We walked Lyon yesterday and clocked up 11 kilometers. It’d be nice to think we are very fit now, but no, we both fell asleep when we got back to Ruby. I was even too tired to write. Probably the smart way to get fit is to start small but repeat. Every day. Yes, that’s probably it.
(Well that’s very familiar)
Anyways, Lyon is big, much bigger than Dijon. We’ve never been before and we didn’t have any idea what to go see. Denis was interested in the food as Lyon is called the belly of France, in a good way. There’s an area called Vieux Lyon, old Lyon, that seemed to be a good place to start.
(Less familiar, a bouchon restaurant, traditional Lyon)
After a stressful (for me) drive through the city on Friday afternoon we arrived at the International Camping campsite. We picked it because it had good public transport links to the city. If I had known we had to drive through Lyon to get to the good transport links I might have suggested giving Lyon a miss. I’m glad I didn’t though, it was worth the temporary increase in stress.
(Thats the front of the train – there’s no driver on the metro…)
Saturday morning at 8.30am, we headed for the bus (just outside the gates) to the metro station and into Vieux Lyon. Half an hour later we were walking out on to the streets of Vieux Lyon not knowing which direction to turn. Left seemed as good a choice as any. Very soon I was experiencing déjà vu. What does this remind me of? Over there was a cathedral, down that alley the river, there’s an Irish pub and another one here and oh, there’s another one… Probably just homesickness but this was looking a lot like Temple Bar on the morning after a few stag parties. I couldn’t shake the feeling we were in the wrong place. We kept going regardless, maybe Christchurch would be just around the corner.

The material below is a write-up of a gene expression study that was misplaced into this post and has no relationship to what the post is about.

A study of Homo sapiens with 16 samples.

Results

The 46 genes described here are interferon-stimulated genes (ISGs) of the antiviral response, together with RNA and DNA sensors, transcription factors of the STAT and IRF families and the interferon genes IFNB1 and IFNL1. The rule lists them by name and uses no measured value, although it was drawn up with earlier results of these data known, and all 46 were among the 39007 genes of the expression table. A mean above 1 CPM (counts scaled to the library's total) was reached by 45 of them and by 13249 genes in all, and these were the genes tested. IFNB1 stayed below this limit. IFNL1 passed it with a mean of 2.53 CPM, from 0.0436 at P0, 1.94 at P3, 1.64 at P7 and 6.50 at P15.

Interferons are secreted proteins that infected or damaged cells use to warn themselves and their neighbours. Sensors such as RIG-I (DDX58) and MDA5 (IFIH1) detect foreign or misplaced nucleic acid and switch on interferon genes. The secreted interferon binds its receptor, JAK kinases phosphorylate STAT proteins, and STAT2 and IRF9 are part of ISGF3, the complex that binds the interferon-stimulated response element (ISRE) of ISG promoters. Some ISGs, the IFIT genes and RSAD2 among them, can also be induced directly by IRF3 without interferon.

(Footbridge crossing the river Saône – it was a little wobbly)
Everything was better when we crossed the river, well one of the rivers. Lyon is built across two rivers that meet in the city, the Rhône and the Saône. We crossed the Saône and wandered for a while until we found ourselves in a beautiful square, Place de Terreaux. Well, it would be a beautiful square again, at the moment it is in the middle of a facelift.
(Place de Terreaux getting its facelift. Also can you see the graffiti? On the chimneys? Artists without fear)
Then somehow we were led into the garden of the Musée Des Beaux-Arts de Lyon. Possibly because of my earlier wobble of stress, this garden had the most powerful effect on my mood and just standing in it, I felt completely at peace with the world again.
(Here’s my peaceful garden at the Musée Des Beaux-Arts de Lyon)
Then it seemed like the right thing to do, was to go and visit the museum and we did. It’s a lovely space, the layout and art works are very attractive. We spent two hours wandering and looking and pointing and taking pictures and although we were ready to leave after the two hours we didn’t feel exhausted.
(I rarely love sculptures but I loved so many here. These two are my favourites. The first one is called The Mountain, by Aristide Maillol and the second is called The Mad Virgin by Rik Wouters – is it strange that I find her inspiring? She looks so happy!)
I think our lack of exhaustion could be down to the building itself and its high ceilings and the fact that we just wandered. So often I get the audio guide to make sure I don’t miss anything. I listen to the guide tell me a lot of information while at the same time I’m taking in a lot of visual inputs. It does take a toll on your energy. Whatever the reason, the Musée Des Beaux-Arts de Lyon was a beautiful experience.
(I also loved this one, it’s supposed to be Mary when the angel says she’s pregnant. She seems to be saying, Will ya get away outta that!)
We had a lovely lunch and afternoon hot chocolate to give us energy and then we made our way back to the campsite. We will have to return to Lyon, we’ll do a walking tour some day, that worked very well in Porto. Whatever happens I’m definitely coming back to that Museum.
From now on I only want to be referred to as The Mad Virgin, The Mad Virgin.